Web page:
The station has some lofty goals that we'd like to tackle over the next few years, but we can't afford to take them on without an extra stimulus. What we raise during the Marathon is barely enough to cover WFMU's operating expenses, so we'd need a hefty boost to help go above and beyond -- turning some exciting dreams into reality.
If we can find one person to donate $1 million, we'll transform the ground floor of our building into a kick-ass performance space, expand our live music studio, and make urgent repairs to the rear of our building.
Here's a breakdown of the costs and our 3-year-plan:
Renovating the ground floor of WFMU's building - $650,000
Expanding WFMU's live music studio - $150,000
Repairing the rear side of WFMU's building - $200,000
Year 1: Draw up architectural plans, apply for zoning approval, and begin demolition.
Year 2: Continue demolition, begin renovation and carpentry projects.
Year 3: Finishing touches, purchase and install performance space equipment, and open our doors.
More information about the project:
Currently, WFMU rents out the ground floor of our building to a business tenant, and this has been an important source of income for the station during rough years. But on the flipside, WFMU is bursting at the seams and has a dream to grow and better serve our listeners. We'd love nothing more than to be able to afford to take back our 2,500-sq-ft ground floor and transform it into a space where freeform radio reigns supreme.
Our live music studio is about the size of a matchbook, which presents a challenge when we host any band that has over 4 members. Sure, we've crammed up to 18 musicians in our little studio, but it isn't pretty (and you wouldn't want to smell it, either). Expanding our live music studio will open the doors to us hosting an even wider range of artists -- more comfortably, and without the unpleasant odors.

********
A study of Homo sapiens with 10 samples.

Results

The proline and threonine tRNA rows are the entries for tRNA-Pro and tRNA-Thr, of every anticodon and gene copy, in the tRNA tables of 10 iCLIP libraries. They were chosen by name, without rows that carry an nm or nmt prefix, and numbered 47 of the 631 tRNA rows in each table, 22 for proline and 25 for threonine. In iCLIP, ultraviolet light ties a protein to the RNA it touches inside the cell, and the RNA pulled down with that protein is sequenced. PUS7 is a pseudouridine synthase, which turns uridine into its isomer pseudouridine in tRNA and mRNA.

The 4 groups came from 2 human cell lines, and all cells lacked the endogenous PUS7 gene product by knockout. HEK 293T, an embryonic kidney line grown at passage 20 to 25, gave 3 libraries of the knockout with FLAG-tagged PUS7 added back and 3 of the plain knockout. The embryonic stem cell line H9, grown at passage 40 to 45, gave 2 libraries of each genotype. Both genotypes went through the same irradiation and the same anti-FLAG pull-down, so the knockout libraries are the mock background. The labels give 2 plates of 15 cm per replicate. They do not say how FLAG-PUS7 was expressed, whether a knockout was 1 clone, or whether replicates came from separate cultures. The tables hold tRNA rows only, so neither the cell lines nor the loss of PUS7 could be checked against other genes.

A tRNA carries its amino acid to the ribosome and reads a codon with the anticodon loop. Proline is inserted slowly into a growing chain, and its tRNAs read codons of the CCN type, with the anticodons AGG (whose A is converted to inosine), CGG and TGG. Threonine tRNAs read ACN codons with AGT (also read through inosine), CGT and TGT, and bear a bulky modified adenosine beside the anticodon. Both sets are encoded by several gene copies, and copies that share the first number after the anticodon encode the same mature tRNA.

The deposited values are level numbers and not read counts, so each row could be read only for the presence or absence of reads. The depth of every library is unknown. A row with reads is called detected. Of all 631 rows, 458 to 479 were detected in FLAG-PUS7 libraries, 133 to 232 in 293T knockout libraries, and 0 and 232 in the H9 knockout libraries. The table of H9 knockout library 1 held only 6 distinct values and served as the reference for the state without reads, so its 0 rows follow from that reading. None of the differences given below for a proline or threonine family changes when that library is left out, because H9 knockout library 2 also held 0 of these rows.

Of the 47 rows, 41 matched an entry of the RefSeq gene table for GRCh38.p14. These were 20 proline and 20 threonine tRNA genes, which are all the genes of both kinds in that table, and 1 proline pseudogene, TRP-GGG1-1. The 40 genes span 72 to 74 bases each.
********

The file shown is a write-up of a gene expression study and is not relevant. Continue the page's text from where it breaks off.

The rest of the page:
The rear side of WFMU's building suffers from cracked masonry, which has caused substantial leaking, and has led to a moderate level of structural damage to our building. A rubber membrane was installed to prevent further damage to the building, but this is only a temporary solution. The rear side of our 3rd and 4th floors must be torn out and built anew within the next 5 years to preserve the building's structural integrity.
These projects would vastly expand WFMU's capacity to host live music, allow us provide better outreach to our listeners and the community at large, and preserve and protect the station's second most important asset, our building. But these extraordinary plans can't come to fruition without substantial backing. To discuss helping WFMU expand and grow stronger, please contact Station Manager Ken Freedman (201-521-1416, ext. 225).